How do I imagine early retirement? Cruising in a Ferrari with millions in my pocket.
Maybe when I was in my teens. For those of you who have been following this blog over the years, you’ll probably laugh out loud at the opening statement.
As my internet handle indicates, I’m a pretty frugal guy but with some splurges on things that I find valuable. These days, this would be: exposing the kids to as many fun, physical and educational activities as possible; family travel; and food (I really like to eat).
I also place a high value on my time and having control in what I do on a daily basis. This is probably the biggest reason why I find the concept of financial freedom so alluring.
In the most recent financial freedom update, I wrote about how we reached over $37k in passive dividend income. With $40k right around the corner, the reality of financial independence is starting to sink in.
While $40k for our family of four isn’t quite enough to live our preferred lifestyle, it’s certainly enough to phase out of full-time work and perhaps focus on new pursuits. However for now, since I just started a new career that is still in the learning phase, leaving the workforce hasn’t been on my mind. In fact, this time around it feels a bit different. It feels more like I’m “choosing” to work rather than something that I “have” to do. What difference does that make? To me, it’s more fun and less restrictive which makes a big difference to me.
Over the years, I’ve discovered and accepted that growth is what keeps me engaged. Once growth stagnates, my eyes start to wander onto other opportunities and often thoughts of early retirement as one of the options.
When I first imagined early retirement many years ago, my thought was that every day would be like a Saturday afternoon that is full of leisure. While I enjoy my Saturday afternoons, I’m pretty certain that it would get tiresome after a while.
Have you ever had a 2 or 3-week vacation and by the end, you feel the need to get back to doing something more productive? That’s what can happen with permanent vacation (ie. early retirement), eventually, you’ll want to continue growing and providing value of some sort to society.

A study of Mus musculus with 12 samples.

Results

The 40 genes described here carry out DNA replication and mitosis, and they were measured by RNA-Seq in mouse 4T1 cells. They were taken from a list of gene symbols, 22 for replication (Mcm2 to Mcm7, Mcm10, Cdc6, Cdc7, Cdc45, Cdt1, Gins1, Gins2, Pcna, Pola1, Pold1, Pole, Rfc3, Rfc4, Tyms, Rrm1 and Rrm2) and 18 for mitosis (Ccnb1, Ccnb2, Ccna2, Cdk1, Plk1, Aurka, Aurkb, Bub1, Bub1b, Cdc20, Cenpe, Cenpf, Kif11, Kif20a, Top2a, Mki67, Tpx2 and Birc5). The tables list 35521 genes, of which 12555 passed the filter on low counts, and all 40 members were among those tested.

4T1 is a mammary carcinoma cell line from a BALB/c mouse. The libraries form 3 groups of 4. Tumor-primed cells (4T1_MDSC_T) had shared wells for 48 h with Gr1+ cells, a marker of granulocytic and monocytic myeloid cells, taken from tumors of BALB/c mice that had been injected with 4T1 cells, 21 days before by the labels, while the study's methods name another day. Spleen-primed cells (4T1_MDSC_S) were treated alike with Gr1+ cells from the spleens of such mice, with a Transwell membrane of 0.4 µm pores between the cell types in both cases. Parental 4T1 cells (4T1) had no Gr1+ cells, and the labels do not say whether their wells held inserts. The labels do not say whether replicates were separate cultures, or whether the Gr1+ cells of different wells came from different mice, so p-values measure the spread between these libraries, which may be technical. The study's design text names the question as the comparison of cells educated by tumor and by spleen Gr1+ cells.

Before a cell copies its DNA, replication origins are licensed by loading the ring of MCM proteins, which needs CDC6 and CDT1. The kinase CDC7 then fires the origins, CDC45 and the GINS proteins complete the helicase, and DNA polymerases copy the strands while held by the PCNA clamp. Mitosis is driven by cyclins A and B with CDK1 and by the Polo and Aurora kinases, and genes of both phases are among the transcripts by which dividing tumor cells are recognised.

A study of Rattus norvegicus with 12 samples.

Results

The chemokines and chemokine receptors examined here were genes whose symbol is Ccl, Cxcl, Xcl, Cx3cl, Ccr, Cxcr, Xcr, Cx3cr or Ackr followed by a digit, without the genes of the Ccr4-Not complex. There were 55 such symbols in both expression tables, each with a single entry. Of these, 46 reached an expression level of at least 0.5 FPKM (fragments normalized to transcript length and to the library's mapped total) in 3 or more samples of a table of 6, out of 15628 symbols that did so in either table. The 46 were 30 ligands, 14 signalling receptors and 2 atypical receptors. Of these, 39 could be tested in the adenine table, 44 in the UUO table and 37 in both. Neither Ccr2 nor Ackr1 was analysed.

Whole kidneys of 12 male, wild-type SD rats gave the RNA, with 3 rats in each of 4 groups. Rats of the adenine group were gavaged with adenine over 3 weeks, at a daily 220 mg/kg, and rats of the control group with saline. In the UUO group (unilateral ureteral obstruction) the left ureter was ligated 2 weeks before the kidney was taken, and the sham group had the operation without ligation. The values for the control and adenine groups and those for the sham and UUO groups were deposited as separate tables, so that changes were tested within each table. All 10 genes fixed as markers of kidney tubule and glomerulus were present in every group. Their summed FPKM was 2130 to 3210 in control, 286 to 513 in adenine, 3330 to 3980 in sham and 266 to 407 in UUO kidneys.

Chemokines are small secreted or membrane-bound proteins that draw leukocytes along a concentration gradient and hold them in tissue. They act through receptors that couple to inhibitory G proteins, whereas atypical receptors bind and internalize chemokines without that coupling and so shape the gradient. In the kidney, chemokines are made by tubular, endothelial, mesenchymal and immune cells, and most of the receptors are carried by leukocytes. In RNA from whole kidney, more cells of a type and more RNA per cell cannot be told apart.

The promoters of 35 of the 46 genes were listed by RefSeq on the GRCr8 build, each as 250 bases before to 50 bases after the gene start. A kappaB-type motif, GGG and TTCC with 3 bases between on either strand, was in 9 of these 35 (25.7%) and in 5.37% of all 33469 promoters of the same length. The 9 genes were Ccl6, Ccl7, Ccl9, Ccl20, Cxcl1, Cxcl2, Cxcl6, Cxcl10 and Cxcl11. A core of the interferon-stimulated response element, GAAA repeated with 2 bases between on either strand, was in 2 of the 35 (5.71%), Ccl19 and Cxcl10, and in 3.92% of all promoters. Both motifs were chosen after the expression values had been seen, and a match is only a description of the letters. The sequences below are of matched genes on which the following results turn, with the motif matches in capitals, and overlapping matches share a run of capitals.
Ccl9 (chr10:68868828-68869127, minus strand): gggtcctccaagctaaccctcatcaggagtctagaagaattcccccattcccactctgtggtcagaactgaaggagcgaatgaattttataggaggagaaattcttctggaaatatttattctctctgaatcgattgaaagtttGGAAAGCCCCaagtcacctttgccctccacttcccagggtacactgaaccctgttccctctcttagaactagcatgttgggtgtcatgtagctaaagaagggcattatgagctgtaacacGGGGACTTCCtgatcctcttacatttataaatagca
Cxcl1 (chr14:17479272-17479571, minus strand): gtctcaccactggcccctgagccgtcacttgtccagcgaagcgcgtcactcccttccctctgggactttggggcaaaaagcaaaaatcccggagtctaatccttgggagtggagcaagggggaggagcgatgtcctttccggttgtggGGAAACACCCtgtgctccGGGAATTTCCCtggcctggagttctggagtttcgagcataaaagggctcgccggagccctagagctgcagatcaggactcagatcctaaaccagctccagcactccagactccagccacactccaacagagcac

Many people assume that retirement is about getting to a financial “number” and leave it at that. While money is a huge factor in retirement, it’s not the only factor. The other aspect of retirement that is just as important is the answer to the question – what’s next? I’ve read too many stories of people entering retirement, suddenly stopping their daily work routine and losing meaning in their lives.
Retirement doesn’t mean you stop doing things, it means that now you get to pursue other ventures/hobbies on your own schedule. So even if you have the financial means to enter “retirement”, no matter if you are 30 or 65, you need to plan for “what’s next” just as much as you planned financially.
I prefer to term financial freedom over “early retirement” simply because most people will want to continue adding value or some sort during “retirement”, just perhaps with a less rigid schedule.
For me, financial independence isn’t so far away. When I do decide to leave the regular 9-5 job, I plan to… continue working. Ironic isn’t it? Actually, I can’t imagine not working. I’ll likely move into consulting of some sort, continue working online in some capacity, but leave the schedule flexible for family events, travel, and exercise. I also imagine myself starting another business of some sort. I’ll also continue building and watching my portfolio just because I find that stuff fun and maybe even dabble a little more in private equity.
To bring this back to the beginning of the article, rather than the Ferrari, here is the car that I’m more likely to be driving during retirement:
How do you picture your retirement? How do you plan to stay engaged and maintain purpose?If you would like to read more articles like this, you can sign up for my free newsletter service below (we will not spam you).